Streetbeat: People’s Climate March and Flood Wall Street actions call for climate solutions ahead of UN summit
Participation in New York City climate actions today and yesterday exceeded organizers expectations. Around two thousand people staged a sit-in on Wall Street today to draw attention to those who profit from practices that contribute heavily to greenhouse gas emissions. On Sunday, more than 350,000 demonstrators turned up for the People’s Climate March. Organizers had predicted a crowd one-third that size. Twenty-seven hundred sister events were held in 158 countries around the world from Berlin to Istanbul to Rio.
The actions come ahead of climate-related events this week at the United Nations. Tuesday, 120 world leaders will join business and financial chiefs for the Secretary General’s specially requested Climate Summit. It will be a non-negotiating session but organizers anticipate that bold and aggressive ideas shared at the summit will lay a framework for the Paris Climate talks in December 2015.
FSRN’s Rebecca Myles attended Sunday’s People’s Climate March, and talked with participants about why they were there.
Frances Vidal, born Paris, lives in the Catskills, New York: Like many other people, small scale, I was caught Irene and then Sandy. I am still recuperating from Sandy due to narrowmindness of the stupid NYSEG electric company who is putting me through torture. The whole world is. What effects you, effects me whether you are in Africa, Asia, or right here in America or South America or India. That’s the tragedy. We follow what’s happening all over the world and we see the scarcity of food coming automatically between all the wars and also where the farmers can longer plant, and also where the rice fields are being effected. California, 98 percent of California is declared under drought already and we have so much food comes from California so I see difficulty in feeding the world.
Rob Martin, New York: I work in the Stock Exchange building, and during Hurricane Sandy our street was underwater and our office was closed for a week so this effects businesses, too. We didn’t know when it would open, we didn’t know if there would be a job to come back to. With 24 US states having a seawater coastline it is a lot of people if ocean levels rise and a lot jobs would be doubtful and have to move inland. It’s really a jobs issue. It effects all of us but I think big business needs to pay for the carbon it puts into the atmosphere so we really need to embrace the carbon credit system.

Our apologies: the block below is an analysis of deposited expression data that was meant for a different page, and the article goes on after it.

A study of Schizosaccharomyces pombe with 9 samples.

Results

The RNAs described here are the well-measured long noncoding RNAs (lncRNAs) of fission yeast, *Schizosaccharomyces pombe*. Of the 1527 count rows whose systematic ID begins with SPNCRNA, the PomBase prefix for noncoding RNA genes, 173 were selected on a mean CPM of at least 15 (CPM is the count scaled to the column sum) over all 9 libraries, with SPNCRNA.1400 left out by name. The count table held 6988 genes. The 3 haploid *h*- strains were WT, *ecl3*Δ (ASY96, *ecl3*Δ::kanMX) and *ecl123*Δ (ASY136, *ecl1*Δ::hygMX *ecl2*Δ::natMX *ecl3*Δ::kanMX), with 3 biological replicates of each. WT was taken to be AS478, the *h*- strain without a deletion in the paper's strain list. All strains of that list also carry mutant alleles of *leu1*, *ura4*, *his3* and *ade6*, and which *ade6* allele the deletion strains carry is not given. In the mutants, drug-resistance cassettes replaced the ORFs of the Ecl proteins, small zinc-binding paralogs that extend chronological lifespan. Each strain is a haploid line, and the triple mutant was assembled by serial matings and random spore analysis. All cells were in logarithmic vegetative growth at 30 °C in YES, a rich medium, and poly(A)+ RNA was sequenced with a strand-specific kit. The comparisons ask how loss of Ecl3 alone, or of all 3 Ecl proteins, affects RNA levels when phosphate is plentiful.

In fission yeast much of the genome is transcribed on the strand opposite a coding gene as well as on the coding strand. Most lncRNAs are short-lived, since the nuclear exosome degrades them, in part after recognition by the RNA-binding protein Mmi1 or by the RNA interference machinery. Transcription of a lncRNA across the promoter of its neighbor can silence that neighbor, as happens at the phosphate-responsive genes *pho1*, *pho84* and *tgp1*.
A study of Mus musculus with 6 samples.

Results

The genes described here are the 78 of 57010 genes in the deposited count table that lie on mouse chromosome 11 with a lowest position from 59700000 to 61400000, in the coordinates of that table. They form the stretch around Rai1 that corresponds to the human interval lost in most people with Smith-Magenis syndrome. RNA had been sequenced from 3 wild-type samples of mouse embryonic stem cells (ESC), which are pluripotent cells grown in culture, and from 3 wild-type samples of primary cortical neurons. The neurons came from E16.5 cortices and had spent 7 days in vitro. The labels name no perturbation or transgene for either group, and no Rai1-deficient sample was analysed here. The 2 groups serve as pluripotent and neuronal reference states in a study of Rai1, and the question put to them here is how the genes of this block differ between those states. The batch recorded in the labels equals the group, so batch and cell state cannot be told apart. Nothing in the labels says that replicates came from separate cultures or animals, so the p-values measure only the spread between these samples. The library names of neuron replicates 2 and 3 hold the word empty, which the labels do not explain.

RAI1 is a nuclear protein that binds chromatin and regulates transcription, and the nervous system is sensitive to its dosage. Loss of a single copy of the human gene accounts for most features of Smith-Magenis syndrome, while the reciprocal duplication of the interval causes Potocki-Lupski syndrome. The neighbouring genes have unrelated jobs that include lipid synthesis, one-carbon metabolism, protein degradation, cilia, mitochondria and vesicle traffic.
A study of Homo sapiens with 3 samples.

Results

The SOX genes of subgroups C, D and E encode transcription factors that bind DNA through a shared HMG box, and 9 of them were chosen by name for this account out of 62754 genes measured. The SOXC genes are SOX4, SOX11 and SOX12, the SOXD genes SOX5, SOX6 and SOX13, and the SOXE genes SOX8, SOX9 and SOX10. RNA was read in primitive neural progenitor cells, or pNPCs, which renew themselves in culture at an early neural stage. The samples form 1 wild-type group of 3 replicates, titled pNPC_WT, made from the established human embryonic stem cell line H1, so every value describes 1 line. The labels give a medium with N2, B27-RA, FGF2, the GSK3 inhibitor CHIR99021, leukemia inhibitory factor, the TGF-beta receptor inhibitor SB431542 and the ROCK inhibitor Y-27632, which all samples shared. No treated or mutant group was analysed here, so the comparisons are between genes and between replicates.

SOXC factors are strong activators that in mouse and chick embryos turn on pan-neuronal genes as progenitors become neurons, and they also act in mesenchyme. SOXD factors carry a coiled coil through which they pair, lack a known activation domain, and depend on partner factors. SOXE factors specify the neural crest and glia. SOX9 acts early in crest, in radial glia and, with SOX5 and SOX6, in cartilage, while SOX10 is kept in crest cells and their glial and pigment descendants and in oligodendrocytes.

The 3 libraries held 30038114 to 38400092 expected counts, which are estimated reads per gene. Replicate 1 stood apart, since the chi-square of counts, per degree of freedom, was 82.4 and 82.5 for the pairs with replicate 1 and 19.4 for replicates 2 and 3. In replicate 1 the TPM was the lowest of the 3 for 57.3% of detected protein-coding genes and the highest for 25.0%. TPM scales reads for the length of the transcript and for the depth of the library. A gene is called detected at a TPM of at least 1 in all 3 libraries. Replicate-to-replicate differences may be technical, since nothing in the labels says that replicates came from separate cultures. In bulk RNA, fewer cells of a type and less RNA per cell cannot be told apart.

Madelyn Hoffman from New Jersey Peace Action: For every war, and every tank and every soldier, the US military uses so much fossil fuel it has added to the climate change problem. We use more in the process of waging war then we get in return so it is a net energy loss. We want to see the nation get off oil, and the world and go into renewables. And if we stop the wars we can save those resources too – human, financial, environmental, all those resources.
George, China: It is very interesting that people come out and I like it. It’s about the climate and everything. Personally I don’t believe in the climate change thing, I think the data is too short. Everyone who is talking about it is citing 30, 40, 50 years of data saying their is climate change and earth is out here for 5 billion 6 billion years. We need longer data to conclude. It’s interesting but I don’t full buy the story, that’s it.
Javier Gaston-Greenberg, Brooklyn: Already we’ve experienced Hurricane Sandy the big one but an everyday level, too, there are asthma levels, there’s different contamination pollution where people’s health is being effected and we also think about the future, too. We are just beginning to feel the effects and we are kinda projecting the kind of future what kind of world we want. And knowing that the politicians don’t have the courage or the political will to do it so it’s going to be from us doing all kinds of different types of projects — education, art policy all over, so that’s what we are here for.